Cooperation, Gender, Technology & Innovation

Insights from our Partners

Women as protagonists of change

To mark the 2021 International Women’s Day, WOFAN rewarded 300 smallholder women farmers from Dogon Bauchi and Samaru, Zaria, Kaduna state, Nigeria, with input and processing equipment, to motivate them to take their development into their own hands.

The Women Farmers’ Advancement Network (WOFAN), is a coalition of over 4500 small-holder farmers’ groups with 30 members per group. WOFAN builds the knowledge and production capacity of its network through training, awareness creation, as well as supports them with resources and linkages to markets, allowing them to increase their agricultural productivity and scale, through economic independence, political empowerment and improved sustainable livelihood.

As part of WOFAN’s activities, to commemorate the International Women’s Day 2021, which promotes collective action and shared ownership to drive gender parity, WOFAN was inspired to celebrate the International Women's Day (IWD) differently this year.

WOFAN decided to encourage their network groups, to conduct self-assessments, inclusive of a self-imposed goal, to measure their individual group progress in order to demonstrate how they have used all the capacity trainings and support received from WOFAN in the last 2 years. Accompanied by explanations of status changes that have happened at the family and community level. Showcasing their day to day activities and how they have truly made positive changes to boost their productivity and rice processing capacities.

Dogon Bauchi and Samaru women groups (made up of 150 women each per cluster) all belonging to Zaria in Kaduna state, Nigeria, shared personal stories in the presence of traditional and religious leaders, community members, media and all stakeholders.

The group leaders Hajia Hadiza from Dogon Bauchi, and Titi Apeaku from Samaru, shared their experiences about how they started as smallholder farmers with little or no capacity to up-scale their agribusinesses. The two women farmed at a continuous loss and served other millers receiving only a token reward of N100 per day, for 8 hours of hard labor, until they met WOFAN. Dogon Bauchi and Samaru consists of 150 women processors, who started as low income support hands for millers and are paid token fees of N300 per bag of well parboiled rice.

Titi Apeaku stated that, WOFAN extended all the trainings the field workers received from CARI trainers to their members, giving their members a clearer understanding of group mobilization, business management, keeping records and maintaining financial discipline. Furthermore, Titi explained that members now use their phones and calculators daily to keep accurate records of the groups finances, after processing or marketing. In addition, the Executive Director of WOFAN mentioned that within the last 2 years the Dogon Bauchi and Samaru women were recipients of CARI-GIZ capacity building training programs, through extension workers and WOFAN field supervisors, who had received training from CARI in the following areas:

I. Farmer Business School (FBS),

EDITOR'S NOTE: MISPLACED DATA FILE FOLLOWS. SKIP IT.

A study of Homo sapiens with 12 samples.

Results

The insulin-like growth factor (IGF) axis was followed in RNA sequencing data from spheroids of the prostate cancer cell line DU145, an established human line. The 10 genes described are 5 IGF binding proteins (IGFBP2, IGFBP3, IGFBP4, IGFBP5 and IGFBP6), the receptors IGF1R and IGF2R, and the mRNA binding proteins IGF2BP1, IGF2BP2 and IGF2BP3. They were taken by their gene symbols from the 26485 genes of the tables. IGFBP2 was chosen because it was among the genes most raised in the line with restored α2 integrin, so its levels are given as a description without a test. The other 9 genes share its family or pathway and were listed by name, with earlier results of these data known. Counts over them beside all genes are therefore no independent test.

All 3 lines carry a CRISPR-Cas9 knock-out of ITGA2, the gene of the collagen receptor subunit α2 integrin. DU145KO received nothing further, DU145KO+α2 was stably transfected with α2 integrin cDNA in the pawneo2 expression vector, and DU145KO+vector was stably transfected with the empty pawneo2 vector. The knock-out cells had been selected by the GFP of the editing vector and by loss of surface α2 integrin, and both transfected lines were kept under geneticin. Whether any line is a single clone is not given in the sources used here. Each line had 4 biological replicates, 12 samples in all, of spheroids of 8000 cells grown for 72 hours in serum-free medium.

II. Sustainable rice production,

III. Improved processing and nutrition training,

IV. Rice Advice, ICT and use of 3D animation,

V. Contract farming and linkages to markets

Moreover, Titi mentioned that her group is using radios to listen to news on farming activities, more especially radio programmes like the WOFAN and CARI weekly sponsored programs on health titbits, to improve family nutrition, or political issues that are happening within their communities.

ICT solutions assists the women in following the seasonal calendar and gives helpful inputs for sustainable rice production. Due to the digital marketing training from WOFAN and the use of SMS, WhatsApp and the recording of their messages to advertise their products, the women have become more recognised and respected in their community, said the Samaru team leader.

Through the CARI project, power tillers were acquired by WOFAN to support the use of simple technology that saves time and reduces hardships, especially for the women. WOFAN has since trained Dogon Bauchi and Samaru women to manage and utilize power tillers.

It is a lot more gender friendly, easy to access and gives the same end result as tractors driven by men”. Rabi Chakawa remarked as she rolled off the power tiller, displaying her ploughing skills.

Furthermore, the training on Contract Farming enriched the women’s decision-making skills, as they are now better able to negotiate the costs of input and the selling price of their paddy and other farm products:

“In the past, we were told what to be given and what to give back and we realized we just farmed for the off-takers and aggregators. Now we negotiate before the cropping period, then shortly before harvest to be sure we are making profit. Likewise, we share our fertilizers and inputs and make sure every woman gets her inputs as agreed by the cooperative. Before WOFAN and CARI, we were not involved in such important decision-making discussions” (Bilkisu Isiyaku, member of the WOFAN group).

In sum, Dogon Bauchi and Samaru women have together created a sustainable pathway, allowing them to replicate capacity building for themselves and their clusters, in order to further urge them to continue to be role models to others. They are taking their own development into their own hands.